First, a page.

Ty Moore was taken in the 12th round by the Pirates in the 2015 draft. The left-handed hitting outfielder led the Bruins this past spring with a .342 average, while posting a .428 OBP and a .479 SLG. Moore has carried over the success to pro ball, and is off to a hot start with the West Virginia Black Bears. Through his first 12 games, he has a .370/.453/.565 line in 46 at-bats. He attributes his early success to his approach.
“I am being aggressive. I am committed to my plan,” Moore said. “On the first pitch, I am looking for a fastball middle, middle/away. I actually drive the ball better to left-center. I am not up there looking to hit home runs.”
He acknowledged that he is not going to see as many first pitch fastballs in the NY-Penn League as he did in the Pac 12, but that will not be a problem.
Moore comes across as having a very advanced approach at the plate. He hits to all fields, making good contact with the ball. He discussed his need to improve in the areas of pitch selection and pitch recognition. He is a product of having received exceptional coaching. His dad, Roger, who played college baseball, was the most influential on him he explained.
“It’s probably cliché, but my dad was my best coach and coached me up until I was 13,” Moore said. His dad stopped coaching him at that point to get him exposed to other coaching.
Moore, who is from Mission Viejo, California, went on to play his high school ball at Mater Dei, which is nationally known for its athletics. He won numerous awards and was named Gatorade California State Player of the Year his senior season. It wasn’t just at the plated where Moore excelled, he was dominant on the mound as well posting a 0.83 ERA. Though he was drafted in the 25th round by the Yankees coming out of high school, he chose to go to UCLA as a two-way player. He said that was the original plan. However, pitching was not to be in the cards for him.
“When I got to UCLA, they were loaded with pitching, so Coach just made me an outfielder,” Moore said.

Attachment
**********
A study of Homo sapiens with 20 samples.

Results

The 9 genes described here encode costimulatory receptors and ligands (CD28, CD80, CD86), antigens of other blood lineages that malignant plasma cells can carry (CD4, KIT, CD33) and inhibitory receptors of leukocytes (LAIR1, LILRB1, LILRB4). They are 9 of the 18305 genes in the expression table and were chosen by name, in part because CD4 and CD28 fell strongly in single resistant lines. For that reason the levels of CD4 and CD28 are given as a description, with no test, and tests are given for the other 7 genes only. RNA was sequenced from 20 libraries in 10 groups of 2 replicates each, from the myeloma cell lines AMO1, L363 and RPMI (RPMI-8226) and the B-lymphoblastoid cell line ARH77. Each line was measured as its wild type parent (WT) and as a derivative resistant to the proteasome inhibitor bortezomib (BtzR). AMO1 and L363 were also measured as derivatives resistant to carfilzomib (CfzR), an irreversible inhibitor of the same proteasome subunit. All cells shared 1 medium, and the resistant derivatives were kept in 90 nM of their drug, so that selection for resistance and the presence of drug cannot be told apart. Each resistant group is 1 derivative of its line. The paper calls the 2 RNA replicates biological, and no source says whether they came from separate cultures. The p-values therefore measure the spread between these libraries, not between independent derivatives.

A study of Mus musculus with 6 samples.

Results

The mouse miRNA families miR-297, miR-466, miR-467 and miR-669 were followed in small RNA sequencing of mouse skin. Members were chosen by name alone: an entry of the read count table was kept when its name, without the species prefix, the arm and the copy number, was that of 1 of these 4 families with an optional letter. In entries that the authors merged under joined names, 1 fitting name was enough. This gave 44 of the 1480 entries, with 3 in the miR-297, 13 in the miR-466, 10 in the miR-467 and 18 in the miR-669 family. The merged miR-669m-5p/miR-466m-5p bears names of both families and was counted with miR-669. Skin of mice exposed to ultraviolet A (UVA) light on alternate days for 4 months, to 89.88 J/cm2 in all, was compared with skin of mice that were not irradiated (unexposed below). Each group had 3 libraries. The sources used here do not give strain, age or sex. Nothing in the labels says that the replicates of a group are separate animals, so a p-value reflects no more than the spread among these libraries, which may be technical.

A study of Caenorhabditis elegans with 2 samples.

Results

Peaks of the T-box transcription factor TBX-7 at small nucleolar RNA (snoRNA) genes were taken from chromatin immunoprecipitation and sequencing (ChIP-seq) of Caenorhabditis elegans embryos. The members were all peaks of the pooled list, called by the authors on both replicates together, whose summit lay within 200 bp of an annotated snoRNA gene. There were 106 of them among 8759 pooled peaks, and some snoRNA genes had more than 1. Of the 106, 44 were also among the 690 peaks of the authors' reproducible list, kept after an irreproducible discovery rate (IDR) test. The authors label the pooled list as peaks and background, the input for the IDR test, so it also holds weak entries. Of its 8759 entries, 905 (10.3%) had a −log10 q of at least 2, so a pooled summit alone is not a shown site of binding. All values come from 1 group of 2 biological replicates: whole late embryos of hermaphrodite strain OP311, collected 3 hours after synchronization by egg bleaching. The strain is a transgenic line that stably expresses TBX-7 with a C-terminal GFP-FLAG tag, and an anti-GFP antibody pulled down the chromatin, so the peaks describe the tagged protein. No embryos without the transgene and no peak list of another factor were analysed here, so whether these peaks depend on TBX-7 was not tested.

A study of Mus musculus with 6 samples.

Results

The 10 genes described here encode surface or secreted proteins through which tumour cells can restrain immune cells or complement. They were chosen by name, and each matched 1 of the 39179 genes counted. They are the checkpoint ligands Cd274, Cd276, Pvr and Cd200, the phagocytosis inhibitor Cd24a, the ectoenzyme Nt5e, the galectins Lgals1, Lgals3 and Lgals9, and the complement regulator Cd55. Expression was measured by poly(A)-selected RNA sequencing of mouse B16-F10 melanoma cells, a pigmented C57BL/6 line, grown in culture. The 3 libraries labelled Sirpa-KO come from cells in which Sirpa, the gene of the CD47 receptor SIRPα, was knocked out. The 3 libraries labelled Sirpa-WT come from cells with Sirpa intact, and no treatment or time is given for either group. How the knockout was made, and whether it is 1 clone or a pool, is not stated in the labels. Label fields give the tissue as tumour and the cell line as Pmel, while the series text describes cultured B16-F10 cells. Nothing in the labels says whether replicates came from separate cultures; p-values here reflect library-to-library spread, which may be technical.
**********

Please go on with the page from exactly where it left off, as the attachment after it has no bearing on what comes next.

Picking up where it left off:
He joked that if the hitting didn’t work out, he could always give pitching a try. Of course, he wouldn’t be opposed to getting time on the mound while he’s a hitter.
“I would still love to pitch,” he said with a laugh.
Moore comes across as extremely intelligent and self-aware. He is exceptionally cordial, articulate and genuinely enjoys analyzing the different aspects of the game. This was on display when he discussed his summer baseball experience.
“Coach Schiffner [manager of the Chatham Anglers] got the most out of us,” Moore said. “His was more of a mental approach. He did not try to make mechanical adjustments, which I liked. He was positive; straight up.”
Moore, who will be 22 in July, appears to be quite seasoned already.
Defensively, he has been solid thus far with the Bears. He was a left fielder at UCLA and that is where he has been playing currently. He does not have a bazooka for an arm, nor is he a speedster having stolen just 9 bases in 18 attempts during his career at UCLA. He has just one unsuccessful attempted steal so far with the Bears. However, what he can do is hit. This will be the best part of his game.
Moore was a teammate of second round pick, Kevin Kramer (UCLA) and he grew up playing ball with and against Mitchell Tolman (7th round pick out of Oregon), who he said lived right across town. Having both players on the same team gives him an easy transition into pro ball.
Look for Ty Moore to have a successful year at the plate and to continue his development. Of course, his ultimate goal is to be playing at PNC. If he does get there, the Pirates will have one smart player on their hands.